Effect of cimetidine and ranitidine on pharmacokinetics and pharmacodynamics of a single dose of dofetilide.
Author(s): Abel S, Nichols DJ, Brearley CJ, Eve MD
Affiliation(s): Pfizer Central Research, Sandwich, UK.
Publication date & source: 2000-01, Br J Clin Pharmacol., 49(1):64-71.
Publication type: Clinical Trial; Randomized Controlled Trial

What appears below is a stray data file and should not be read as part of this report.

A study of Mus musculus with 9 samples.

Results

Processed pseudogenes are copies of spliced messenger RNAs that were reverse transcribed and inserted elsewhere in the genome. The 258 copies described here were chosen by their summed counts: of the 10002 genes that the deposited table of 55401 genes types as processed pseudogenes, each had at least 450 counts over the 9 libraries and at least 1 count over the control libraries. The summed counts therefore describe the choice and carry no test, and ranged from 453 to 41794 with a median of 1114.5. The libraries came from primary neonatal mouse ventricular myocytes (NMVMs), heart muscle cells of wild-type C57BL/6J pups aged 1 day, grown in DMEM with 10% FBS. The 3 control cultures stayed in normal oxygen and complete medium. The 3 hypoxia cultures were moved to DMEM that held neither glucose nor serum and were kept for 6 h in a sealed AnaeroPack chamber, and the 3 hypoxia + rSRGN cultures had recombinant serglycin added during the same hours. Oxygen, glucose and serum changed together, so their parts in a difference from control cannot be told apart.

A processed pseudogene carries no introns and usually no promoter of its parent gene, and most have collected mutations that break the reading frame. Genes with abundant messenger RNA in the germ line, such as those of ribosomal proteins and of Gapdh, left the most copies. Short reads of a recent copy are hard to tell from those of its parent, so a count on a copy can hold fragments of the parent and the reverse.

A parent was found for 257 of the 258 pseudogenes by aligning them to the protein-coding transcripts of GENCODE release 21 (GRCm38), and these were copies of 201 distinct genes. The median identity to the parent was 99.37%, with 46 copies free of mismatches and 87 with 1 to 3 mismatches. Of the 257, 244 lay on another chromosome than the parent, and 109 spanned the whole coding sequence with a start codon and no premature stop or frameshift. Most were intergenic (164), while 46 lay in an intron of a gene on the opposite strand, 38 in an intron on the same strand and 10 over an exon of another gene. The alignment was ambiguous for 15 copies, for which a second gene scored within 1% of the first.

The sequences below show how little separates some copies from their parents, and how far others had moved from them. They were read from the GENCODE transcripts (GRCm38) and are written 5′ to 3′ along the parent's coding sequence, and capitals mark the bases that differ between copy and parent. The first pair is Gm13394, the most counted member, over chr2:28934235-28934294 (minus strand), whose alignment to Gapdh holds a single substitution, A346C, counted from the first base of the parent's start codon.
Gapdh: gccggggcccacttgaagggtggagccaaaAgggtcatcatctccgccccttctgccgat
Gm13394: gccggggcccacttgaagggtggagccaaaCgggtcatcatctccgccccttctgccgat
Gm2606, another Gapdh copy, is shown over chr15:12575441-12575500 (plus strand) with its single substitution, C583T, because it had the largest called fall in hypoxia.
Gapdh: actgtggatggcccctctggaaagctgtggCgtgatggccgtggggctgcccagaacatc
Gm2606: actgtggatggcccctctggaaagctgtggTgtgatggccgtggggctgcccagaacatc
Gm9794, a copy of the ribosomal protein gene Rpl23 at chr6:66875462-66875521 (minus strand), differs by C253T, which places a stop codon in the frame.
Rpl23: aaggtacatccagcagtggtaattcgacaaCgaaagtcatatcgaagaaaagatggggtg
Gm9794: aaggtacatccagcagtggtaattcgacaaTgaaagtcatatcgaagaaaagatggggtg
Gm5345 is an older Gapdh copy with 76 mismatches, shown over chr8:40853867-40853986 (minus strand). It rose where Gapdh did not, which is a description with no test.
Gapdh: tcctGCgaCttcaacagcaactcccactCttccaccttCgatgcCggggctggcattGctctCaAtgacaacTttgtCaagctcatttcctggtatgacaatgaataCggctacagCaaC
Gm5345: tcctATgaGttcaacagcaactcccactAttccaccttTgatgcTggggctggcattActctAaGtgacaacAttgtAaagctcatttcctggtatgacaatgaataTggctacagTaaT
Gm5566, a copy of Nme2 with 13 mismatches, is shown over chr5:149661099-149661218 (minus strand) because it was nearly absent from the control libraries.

AIMS: The aim of this open-label, placebo-controlled, randomized, four-period crossover study was to determine the effects of cimetidine and ranitidine on the pharmacokinetics and pharmacodynamics of a single dose of dofetilide. METHODS: Twenty healthy male subjects received 100 or 400 mg twice daily of cimetidine, 150 mg twice daily of ranitidine, or placebo for 4 days. On the second day, a single oral 500 microg dose of dofetilide was administered immediately after the morning doses of cimetidine, ranitidine, or placebo. Treatment periods were separated by 1-2 weeks. Pharmacokinetic parameters were determined from plasma and urinary dofetilide concentrations; prolongation of the QTc interval was determined from three-lead electrocardiograms. RESULTS: Ranitidine did not significantly affect the pharmacokinetics or pharmacodynamics of dofetilide; however, a dose-dependent increase in exposure to dofetilide was observed with cimetidine. When dofetilide was administered with 100 and 400 mg of cimetidine, the area under the plasma concentration-time curve of dofetilide increased by 11% and 48% and the maximum plasma dofetilide concentration increased by 11% and 29%, respectively. The respective cimetidine doses reduced renal clearance of dofetilide by 13% and 33% and nonrenal clearance by 5% and 21%. Dofetilide-induced prolongation of the QTc interval was enhanced by cimetidine; the mean maximum change in QTc interval from baseline was increased by 22% and 33% with 100 and 400 mg of cimetidine, respectively. However, the relationship between the prolongation of the QTc interval and plasma dofetilide concentrations was unaffected by cimetidine or ranitidine; a 1 ng ml-1 increase in plasma dofetilide concentration produced a 17-19 ms prolongation of the QTc interval. Dofetilide was well tolerated, with no treatment-related adverse events or laboratory abnormalities. CONCLUSIONS: These results suggest that cimetidine increased dofetilide exposure by inhibiting renal tubular dofetilide secretion, whereas ranitidine did not. This effect is not an H2-receptor antagonist class effect but is specific to cimetidine. If therapy with an H2-receptor antagonist is required, it is recommended that cimetidine at all doses be avoided; since ranitidine has no effect on dofetilide pharmacokinetics or prolongation of the QTc interval, it can be seen as a suitable alternative.